In this world, they say that nothing is permanent but change. Our everyday experiences are totally unique to what we have experienced from before. For the past decades, we have experienced many changes such as to where we choose to live, the roles of men and women in the society, and the changes in the environment that affects the climate. At the same time, global change is introducing quickly evolving diets and food conditions. These changes are some of the context to malnutrition among children. Like anything else, is changing too.

Malnutrition is a global occurrence in which no country in the world can continue to neglect. A term previously intricately tied to depictions of poverty and starvation, malnutrition is now also used to identify children with stunting and wasting, but even those suffering from shortages in vital nutrients and minerals, as well as the increasing numbers of children and young people impacted by overweight and obesity.

In the UNICEF report entitled The State of the World’s Children 2019; it stated that the numbers are becoming worryingly high. Globally, one in three (1 in 3) children under the age of five (5) is stunted, wasted or overweight and, in some cases, suffers from a combination of two of these forms of malnutrition, while in East Asia and Pacific it is nearly one in five (1 in 5).

In the Philippines, despite the overall economic growth, the percentage of stunted and nutrient-deficient children is slow to reduce due to several factors including poverty, natural and manmade disasters, low consumer demand for nutritious food, agriculture policies focused predominantly on rice self-sufficiency, and limited capacity of some local government units to deliver nutrition interventions.

Beyond health, slow progress on malnutrition is also impacting the social and economic development of the country. The commitment to improve nutrition must be taken seriously at national and local levels, and coordination must be strengthened. Sustainably managing malnutrition in the country requires a lifecycle approach that will address all children, adolescents, pregnant and lactating mothers, with a variety of strategy tailored to the local needs and coordinated across multiple levels and sectors of government.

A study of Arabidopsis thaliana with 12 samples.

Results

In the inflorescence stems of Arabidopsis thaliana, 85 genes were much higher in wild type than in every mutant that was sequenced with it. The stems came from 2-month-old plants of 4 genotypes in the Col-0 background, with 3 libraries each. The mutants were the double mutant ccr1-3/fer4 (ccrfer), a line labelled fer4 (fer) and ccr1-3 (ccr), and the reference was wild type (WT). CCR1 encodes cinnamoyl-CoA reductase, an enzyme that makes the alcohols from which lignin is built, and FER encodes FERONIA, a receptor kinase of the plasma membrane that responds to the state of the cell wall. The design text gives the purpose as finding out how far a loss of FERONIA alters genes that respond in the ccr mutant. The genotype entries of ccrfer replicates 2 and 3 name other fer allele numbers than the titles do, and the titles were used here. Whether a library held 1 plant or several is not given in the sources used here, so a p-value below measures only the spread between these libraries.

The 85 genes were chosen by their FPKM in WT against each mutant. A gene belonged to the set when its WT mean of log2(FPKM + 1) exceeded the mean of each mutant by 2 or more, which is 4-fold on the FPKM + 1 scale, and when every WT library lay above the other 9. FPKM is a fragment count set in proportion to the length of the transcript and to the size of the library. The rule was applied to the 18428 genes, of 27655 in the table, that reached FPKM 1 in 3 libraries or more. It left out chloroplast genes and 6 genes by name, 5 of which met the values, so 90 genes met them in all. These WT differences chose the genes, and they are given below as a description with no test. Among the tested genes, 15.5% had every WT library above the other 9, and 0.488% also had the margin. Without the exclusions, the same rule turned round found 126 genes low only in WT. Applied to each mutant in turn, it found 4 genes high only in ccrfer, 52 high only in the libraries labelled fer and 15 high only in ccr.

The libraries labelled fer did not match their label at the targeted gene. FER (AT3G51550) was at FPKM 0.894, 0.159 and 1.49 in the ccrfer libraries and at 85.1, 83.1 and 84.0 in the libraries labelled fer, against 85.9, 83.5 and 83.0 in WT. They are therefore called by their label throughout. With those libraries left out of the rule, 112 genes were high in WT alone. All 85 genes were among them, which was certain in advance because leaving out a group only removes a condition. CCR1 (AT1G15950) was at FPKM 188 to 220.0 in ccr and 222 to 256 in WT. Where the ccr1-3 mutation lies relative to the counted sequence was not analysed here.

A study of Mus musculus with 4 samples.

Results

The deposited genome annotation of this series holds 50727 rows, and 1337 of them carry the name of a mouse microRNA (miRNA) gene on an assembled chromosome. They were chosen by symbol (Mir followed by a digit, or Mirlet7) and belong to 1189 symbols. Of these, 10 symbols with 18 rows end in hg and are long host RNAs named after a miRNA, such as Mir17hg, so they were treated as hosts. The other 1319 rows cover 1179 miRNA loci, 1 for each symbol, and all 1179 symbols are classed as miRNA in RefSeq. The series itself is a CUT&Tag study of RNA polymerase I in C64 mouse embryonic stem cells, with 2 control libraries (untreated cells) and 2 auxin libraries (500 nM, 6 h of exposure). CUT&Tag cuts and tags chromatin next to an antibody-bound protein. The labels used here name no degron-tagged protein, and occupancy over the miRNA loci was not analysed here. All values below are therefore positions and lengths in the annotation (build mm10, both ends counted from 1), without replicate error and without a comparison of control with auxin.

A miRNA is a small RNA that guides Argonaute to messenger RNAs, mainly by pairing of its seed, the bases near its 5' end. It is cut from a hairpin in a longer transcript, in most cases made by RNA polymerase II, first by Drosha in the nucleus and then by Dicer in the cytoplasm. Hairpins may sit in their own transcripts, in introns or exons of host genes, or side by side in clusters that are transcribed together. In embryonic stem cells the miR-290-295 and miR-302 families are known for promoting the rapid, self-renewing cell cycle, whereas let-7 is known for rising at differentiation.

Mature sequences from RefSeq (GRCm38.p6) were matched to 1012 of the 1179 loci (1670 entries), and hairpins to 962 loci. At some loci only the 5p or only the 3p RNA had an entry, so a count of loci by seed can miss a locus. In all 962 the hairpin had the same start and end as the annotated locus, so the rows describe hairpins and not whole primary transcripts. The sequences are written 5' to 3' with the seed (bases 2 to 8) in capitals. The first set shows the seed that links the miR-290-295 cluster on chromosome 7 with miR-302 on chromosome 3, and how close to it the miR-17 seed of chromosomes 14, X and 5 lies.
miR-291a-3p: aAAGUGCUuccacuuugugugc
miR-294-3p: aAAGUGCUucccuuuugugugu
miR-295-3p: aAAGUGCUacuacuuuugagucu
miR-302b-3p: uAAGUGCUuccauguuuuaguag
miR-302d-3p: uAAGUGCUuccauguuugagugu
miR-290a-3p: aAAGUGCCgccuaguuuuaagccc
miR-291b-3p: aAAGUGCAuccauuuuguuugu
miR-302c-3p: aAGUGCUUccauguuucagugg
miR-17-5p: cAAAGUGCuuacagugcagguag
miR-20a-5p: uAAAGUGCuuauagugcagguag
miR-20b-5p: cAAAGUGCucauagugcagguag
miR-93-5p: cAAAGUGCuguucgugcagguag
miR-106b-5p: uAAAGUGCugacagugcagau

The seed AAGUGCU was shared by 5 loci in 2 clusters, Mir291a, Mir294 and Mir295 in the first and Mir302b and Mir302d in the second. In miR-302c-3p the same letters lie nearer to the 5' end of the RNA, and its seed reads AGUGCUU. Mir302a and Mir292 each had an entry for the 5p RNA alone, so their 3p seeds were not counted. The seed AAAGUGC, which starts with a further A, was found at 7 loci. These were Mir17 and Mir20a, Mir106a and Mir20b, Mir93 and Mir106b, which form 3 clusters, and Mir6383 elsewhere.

The extent of the country’s malnutrition crisis desperately demands greater community engagement and participation at the grassroots level, which is why the Presidential Decree No. 1569, s. 1978 or also known as the Barangay Nutrition Program (BNP) was enacted. The Program is being implemented to tackle the issue of malnutrition that especially affects school children, pregnant women and lactating mothers, and other mitigating factors that influence the community’s health and nutritional status as a whole.

According to the Department of Health, BNP is a human resource development strategy of the Philippine Plan of Action for Nutrition, which involves the recruitment, training, deployment and supervision of volunteer workers or Barangay Nutrition Scholars (BNS). BNS volunteers are deployed in every barangay in the country to monitor the nutritional status of children and other nutritionally at-risk groups and/or link communities with nutrition and nutrition-related service providers.

To date, a total of 49,779 BNS are deployed in 39, 942 barangays nationwide. The basic tasks of the BNS volunteers include caring for the malnourished, mobilizing the community, linkage-building, keeping records, and other forms of BNS assistance. The volunteers locate and identify malnourished children through a community survey referred to as the “Operation Timbang Plus”. The survey involves weighing and measuring the length of height of all preschoolers and interviewing mothers to determine how the children is cared for, and the resources available in the family and their participation in nutrition-related interventions. The BNS links the people needing nutrition intervention and the barangay service providers with the barangay master list of stunted, underweight and overweight children, pregnant mothers and lactating mothers. As such part of the BNS training is to learn the different nutrition interventions and the different barangay workers.

The path forward is to ensure access to the information and data needed to advise and implement a variety of appropriate strategies targeting vulnerable groups. Interventions must be context-specific and consider the disparity in access to affordable food, purchasing power and socioeconomic health, the increasingly changing economy and urbanizing climate and the insecurity in communities at risk of natural and manmade hazards and living in geographically remote and deprived regions.

It requires a strong commitment, good understanding and clear acknowledgement of a shared responsibility to address the alarming nutrition situation. As several factors are needed to be addressed, it also requires effective coordination across local government, including the health, agriculture, social welfare and development, and education sectors, in addition of the development partners and the country’s private sector.

The author is currently the Program Officer, Volunteerism for Development Communication and Advocacy Program, Philippine National Volunteer Service Coordinating Agency.